Karen Samuel - The Tai Chi Club 2010


"That's not 'relax' as I would slump into a sofa, but rather to relax as to play an instrument or be creative. Relaxed concentration."

Additional Info:

T'ai chi relaxation techniques.

By "Relax" we don't mean the kind of relaxation achieved by slumping into a chair with a bottle of red wine. In practising Tai Chi, you'll hear "Relax" come up very often, which of course, immediately makes you feel tense. The relaxation that is being described is the type of mental state you feel when you are comfortable with the actions you are doing. So, if you enjoy sport, you are generally relaxed, but you still apply concentration to achieve a good result. If you enjoy crosswords, you are relaxed, but you're still having to think and ponder.

Benefit. The benefit of this type of relaxed concentration is it takes your mind off your daily worries and stresses. It allows you for a brief period to calm yourself with a subject that is outside your usual pre-occupations. Once you've achieved that, hopefully the feeling lasts beyond the training session. It also give you something to falll back on in times of stress or illness, which as you progress can be switched on and off as you feel the need.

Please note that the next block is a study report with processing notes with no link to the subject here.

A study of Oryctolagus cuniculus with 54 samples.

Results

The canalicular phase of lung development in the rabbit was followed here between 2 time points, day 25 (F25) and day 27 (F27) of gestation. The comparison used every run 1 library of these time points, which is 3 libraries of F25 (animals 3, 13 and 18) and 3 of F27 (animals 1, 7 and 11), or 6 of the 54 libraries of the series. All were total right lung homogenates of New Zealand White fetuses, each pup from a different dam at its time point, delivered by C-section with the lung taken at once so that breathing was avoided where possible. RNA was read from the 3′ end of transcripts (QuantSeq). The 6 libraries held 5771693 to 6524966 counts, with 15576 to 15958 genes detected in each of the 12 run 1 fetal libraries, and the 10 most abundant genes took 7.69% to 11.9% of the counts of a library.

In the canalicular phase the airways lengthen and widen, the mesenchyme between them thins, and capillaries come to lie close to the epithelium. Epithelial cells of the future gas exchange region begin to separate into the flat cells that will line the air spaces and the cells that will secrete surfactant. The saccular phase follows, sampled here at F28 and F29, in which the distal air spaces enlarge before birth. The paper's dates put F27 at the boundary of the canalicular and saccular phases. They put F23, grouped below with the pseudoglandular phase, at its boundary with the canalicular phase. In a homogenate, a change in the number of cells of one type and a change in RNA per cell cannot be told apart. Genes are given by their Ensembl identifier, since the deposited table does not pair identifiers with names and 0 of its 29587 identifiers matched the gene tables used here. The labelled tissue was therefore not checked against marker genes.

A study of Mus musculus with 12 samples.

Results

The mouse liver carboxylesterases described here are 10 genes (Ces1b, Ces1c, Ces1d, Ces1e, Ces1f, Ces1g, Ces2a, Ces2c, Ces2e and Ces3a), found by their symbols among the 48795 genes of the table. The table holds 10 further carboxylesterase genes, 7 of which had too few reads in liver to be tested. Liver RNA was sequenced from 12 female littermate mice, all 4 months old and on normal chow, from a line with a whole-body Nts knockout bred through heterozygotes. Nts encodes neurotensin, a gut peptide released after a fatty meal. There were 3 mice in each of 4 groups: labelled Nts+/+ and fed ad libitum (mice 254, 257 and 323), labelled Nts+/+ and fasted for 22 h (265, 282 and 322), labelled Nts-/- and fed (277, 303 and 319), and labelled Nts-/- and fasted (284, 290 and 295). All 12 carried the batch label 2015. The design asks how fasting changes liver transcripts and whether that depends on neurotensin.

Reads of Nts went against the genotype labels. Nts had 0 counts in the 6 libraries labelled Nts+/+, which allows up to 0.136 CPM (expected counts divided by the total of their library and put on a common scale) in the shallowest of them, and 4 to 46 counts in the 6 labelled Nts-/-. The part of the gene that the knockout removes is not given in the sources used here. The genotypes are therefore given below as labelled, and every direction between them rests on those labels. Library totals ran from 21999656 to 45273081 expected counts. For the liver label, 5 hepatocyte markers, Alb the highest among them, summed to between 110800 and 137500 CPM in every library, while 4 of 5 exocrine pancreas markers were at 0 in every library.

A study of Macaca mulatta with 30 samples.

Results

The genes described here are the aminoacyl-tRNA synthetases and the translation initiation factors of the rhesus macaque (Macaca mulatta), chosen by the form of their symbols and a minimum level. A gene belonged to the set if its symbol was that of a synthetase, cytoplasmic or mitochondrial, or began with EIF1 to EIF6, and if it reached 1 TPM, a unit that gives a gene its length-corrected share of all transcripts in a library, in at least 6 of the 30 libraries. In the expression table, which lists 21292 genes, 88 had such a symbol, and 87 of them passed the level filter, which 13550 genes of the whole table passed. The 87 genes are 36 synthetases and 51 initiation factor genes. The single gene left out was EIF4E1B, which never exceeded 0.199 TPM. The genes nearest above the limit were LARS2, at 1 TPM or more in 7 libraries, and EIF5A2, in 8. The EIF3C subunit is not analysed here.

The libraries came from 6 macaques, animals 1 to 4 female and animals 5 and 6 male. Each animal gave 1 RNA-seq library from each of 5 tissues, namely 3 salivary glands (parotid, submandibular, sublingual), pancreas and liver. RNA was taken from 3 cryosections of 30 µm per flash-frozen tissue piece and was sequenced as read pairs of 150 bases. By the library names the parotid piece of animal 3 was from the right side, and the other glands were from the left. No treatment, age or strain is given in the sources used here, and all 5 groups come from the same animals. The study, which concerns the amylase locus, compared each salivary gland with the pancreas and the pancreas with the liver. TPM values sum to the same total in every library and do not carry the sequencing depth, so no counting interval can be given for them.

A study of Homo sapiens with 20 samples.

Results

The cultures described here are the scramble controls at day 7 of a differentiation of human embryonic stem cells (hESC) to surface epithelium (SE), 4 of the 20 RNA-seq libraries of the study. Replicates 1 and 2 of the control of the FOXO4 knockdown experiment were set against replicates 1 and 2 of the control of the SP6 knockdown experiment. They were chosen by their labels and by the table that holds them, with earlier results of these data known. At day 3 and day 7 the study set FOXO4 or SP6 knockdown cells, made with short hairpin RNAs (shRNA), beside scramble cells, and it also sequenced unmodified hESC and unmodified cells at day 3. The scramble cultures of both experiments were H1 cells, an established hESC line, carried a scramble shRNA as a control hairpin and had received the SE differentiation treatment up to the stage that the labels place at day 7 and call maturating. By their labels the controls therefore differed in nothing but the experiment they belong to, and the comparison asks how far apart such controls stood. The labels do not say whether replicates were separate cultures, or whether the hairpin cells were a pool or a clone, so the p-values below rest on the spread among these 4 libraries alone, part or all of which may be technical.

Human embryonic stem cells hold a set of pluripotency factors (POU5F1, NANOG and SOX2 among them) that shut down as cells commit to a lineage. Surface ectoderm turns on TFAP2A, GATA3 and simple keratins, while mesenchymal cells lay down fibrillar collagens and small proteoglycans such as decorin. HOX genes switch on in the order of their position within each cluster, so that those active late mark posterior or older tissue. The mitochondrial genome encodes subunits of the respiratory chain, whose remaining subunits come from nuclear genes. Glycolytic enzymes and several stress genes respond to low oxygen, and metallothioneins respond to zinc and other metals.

In Practise. You should try to concentrate on what you are doing. Sometimes you might think about your breathing, sometimes about remembering where to stand. If you are thinking about shopping, that won't work. As you progress and become familiar with the movements and breathing, you won't be thinking of anything at all. At that point you have achieved a state of meditation. But you will only be aware of it after you leave that state.

A true state of meditation comes with practise and experience, but it does come to all. When you are really familiar with the moves and comfortable with your breathing, you can block out distractions and worries of the day. You will start to experience a realisation you don't need to concentrate. When you first start, that idea is hard to believe (If you drive, you may have already felt this experience and given it no thought). Experienced drivers may have noticed this effect when you safely arrive at a familiar point and realise you can't remember a section of the journey you've just negotiated, including traffic lights and crossroads.

Inexperienced drivers refer to this as a crash. They were just thinking about something else instead of concentrating on their driving.

So, first one has to put in a small amount of effort to learn, then comes the relaxation. Also don't rule out the settee and red wine.